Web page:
Stan Collymore is not the most popular man in the country, even less so with Manchester United fans. If beating women doesn’t turn you off him, or his liking for watching others get it on in carparks, then his irritating ABU stance on TalkSport and in his column in The Mirror ought to.

In his playing days, Collymore left Nottingham Forest for Liverpool in the summer of 1995, after an impressive record of 41 league goals in 65 games. However, this move, which was a British transfer record, only took place after his preferred deal to Manchester United collapsed.

The following extract is taken from Andy Mitten’s chapter on Andy Cole in his brilliant new book, Glory Glory!. which recounts Collymore’s frustration when learning that his agent, Paul Stretford, who was also Cole’s agent, got Andy the move to United that he craved for.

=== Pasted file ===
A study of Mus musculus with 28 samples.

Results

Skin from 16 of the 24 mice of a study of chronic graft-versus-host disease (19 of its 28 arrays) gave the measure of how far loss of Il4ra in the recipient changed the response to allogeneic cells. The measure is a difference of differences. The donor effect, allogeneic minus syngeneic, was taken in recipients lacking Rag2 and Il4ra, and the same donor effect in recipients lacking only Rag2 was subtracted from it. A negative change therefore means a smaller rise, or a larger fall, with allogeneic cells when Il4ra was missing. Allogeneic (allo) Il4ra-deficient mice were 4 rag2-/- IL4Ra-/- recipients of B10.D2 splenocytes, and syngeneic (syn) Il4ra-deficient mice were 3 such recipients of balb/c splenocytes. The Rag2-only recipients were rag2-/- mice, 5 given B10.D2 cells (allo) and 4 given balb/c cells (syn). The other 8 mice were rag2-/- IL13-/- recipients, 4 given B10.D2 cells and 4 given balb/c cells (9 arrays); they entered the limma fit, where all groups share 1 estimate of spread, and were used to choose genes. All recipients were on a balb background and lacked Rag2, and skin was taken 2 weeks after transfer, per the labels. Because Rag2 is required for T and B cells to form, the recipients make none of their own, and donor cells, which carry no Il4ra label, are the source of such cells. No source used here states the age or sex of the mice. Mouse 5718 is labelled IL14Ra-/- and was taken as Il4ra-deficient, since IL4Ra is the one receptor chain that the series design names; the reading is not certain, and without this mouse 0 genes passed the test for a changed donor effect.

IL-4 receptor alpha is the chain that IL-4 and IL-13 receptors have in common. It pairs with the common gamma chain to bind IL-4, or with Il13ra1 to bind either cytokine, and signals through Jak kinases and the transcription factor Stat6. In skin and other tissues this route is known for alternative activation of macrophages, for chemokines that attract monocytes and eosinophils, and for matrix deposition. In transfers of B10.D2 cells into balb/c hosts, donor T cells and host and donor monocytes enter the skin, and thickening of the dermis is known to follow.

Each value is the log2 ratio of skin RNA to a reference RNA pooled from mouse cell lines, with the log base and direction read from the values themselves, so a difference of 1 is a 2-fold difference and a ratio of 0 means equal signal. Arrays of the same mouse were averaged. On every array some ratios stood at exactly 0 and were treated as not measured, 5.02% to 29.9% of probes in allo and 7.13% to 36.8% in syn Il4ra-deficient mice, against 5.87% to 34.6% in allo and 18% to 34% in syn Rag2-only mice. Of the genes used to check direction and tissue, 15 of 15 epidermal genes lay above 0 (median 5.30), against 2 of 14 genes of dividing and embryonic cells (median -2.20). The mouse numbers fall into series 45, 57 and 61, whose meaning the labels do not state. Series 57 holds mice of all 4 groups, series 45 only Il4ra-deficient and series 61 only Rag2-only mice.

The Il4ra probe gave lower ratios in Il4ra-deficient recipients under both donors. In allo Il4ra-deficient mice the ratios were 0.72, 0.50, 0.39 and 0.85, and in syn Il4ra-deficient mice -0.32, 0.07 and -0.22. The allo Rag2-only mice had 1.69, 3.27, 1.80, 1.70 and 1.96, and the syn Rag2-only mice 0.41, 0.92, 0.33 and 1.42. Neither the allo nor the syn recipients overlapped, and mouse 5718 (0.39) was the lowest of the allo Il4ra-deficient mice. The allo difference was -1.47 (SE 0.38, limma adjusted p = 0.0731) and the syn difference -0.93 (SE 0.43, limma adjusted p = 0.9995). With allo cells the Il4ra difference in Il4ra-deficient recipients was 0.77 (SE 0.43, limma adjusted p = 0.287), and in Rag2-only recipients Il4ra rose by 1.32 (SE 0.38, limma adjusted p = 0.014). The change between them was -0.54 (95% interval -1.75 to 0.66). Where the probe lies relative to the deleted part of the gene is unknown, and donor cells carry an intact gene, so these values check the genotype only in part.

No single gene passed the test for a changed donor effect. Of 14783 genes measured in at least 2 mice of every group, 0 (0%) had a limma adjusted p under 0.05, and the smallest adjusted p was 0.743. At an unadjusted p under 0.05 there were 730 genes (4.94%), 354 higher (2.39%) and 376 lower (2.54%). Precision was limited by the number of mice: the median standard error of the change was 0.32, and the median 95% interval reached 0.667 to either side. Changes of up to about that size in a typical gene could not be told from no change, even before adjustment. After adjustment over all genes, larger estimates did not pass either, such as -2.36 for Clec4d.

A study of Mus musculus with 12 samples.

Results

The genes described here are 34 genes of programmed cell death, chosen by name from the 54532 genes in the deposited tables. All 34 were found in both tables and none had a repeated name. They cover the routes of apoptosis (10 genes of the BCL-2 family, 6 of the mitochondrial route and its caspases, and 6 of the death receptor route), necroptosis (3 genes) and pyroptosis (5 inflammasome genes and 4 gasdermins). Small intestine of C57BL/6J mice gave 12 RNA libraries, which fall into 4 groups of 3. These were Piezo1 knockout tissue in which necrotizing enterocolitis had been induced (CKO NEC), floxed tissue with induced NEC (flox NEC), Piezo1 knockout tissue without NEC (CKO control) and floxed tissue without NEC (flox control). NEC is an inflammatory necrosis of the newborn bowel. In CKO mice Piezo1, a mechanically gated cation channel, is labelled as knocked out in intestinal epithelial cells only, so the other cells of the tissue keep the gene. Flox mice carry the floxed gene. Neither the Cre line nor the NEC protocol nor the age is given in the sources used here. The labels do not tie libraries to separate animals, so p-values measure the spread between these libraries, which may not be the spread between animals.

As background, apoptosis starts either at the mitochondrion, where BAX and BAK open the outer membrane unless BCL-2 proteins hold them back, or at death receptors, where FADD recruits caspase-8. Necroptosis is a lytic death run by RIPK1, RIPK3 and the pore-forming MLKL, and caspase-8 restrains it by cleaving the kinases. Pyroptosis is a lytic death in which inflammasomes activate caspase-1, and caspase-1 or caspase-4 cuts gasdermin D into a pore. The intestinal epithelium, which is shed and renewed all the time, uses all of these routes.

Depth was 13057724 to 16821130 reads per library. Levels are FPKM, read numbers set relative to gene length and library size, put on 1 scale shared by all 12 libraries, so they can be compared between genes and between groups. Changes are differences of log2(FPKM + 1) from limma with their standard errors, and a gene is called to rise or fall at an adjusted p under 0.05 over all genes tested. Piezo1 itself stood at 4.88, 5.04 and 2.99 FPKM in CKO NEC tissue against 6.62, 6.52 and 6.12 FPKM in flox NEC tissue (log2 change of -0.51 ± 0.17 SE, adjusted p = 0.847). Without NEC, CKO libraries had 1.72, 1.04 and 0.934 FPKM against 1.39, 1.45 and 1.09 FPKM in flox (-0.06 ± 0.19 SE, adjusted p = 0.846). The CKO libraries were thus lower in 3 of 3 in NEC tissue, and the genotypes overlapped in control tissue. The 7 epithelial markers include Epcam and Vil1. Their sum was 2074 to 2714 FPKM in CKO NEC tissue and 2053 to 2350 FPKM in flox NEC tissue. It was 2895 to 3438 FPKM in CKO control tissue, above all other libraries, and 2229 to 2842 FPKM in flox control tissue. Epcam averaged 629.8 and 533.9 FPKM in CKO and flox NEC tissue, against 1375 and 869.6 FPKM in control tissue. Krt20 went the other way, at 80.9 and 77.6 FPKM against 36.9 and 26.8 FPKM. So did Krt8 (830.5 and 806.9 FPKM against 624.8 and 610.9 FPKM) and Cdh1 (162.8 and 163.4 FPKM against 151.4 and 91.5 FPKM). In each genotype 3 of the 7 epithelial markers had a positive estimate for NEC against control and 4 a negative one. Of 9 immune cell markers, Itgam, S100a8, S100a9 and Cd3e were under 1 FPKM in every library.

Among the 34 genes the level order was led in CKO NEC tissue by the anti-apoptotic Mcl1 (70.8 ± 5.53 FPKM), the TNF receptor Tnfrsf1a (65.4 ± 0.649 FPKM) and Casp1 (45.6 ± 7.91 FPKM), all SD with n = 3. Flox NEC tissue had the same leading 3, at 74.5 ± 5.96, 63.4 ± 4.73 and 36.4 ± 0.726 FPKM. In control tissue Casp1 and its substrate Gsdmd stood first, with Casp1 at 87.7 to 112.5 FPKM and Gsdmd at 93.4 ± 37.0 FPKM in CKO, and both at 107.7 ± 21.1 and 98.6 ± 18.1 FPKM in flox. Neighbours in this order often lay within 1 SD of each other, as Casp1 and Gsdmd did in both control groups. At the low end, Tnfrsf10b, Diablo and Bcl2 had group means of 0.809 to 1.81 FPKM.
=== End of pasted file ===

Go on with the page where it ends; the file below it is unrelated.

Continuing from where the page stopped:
Mark Hughes was 31 and Ferguson had spoken to Everton manager Joe Royle about taking Hughes. Ferguson felt that teams were changing their tactics to play United, becoming more trenchant and defensive. His solution was to find a striker who was so quick he could create spaces in tighter areas in the box. Two were identified: Andy Cole and Stan Collymore at Nottingham Forest.

Collymore had performed exceptionally well in games for Forest against United and, with speculation reaching fever pitch, was expecting to join United.

“I couldn’t believe it when I heard,” said Collymore. “It was made worse by the fact that Andy Cole was Stretford’s client too. Stretford had assured me that the move to Old Trafford would happen if he kept plugging away at Fergie, and now it had collapsed. I tried four our five times to call Stretford on his mobile and he was very curt with me. He kept telling me he couldn’t talk. At one stage I was in denial about it. I didn’t want to believe the Andy Cole move was happening. Stretford never rang me back and I was livid with him. I didn’t blame Fergie. That’s just business. But the fact was that Stretford had shoehorned his other client into Manchester United at my expense.”

Win a copy of Andy Mitten’s book Glory Glory, which gives loads of interesting and previously unheard stories.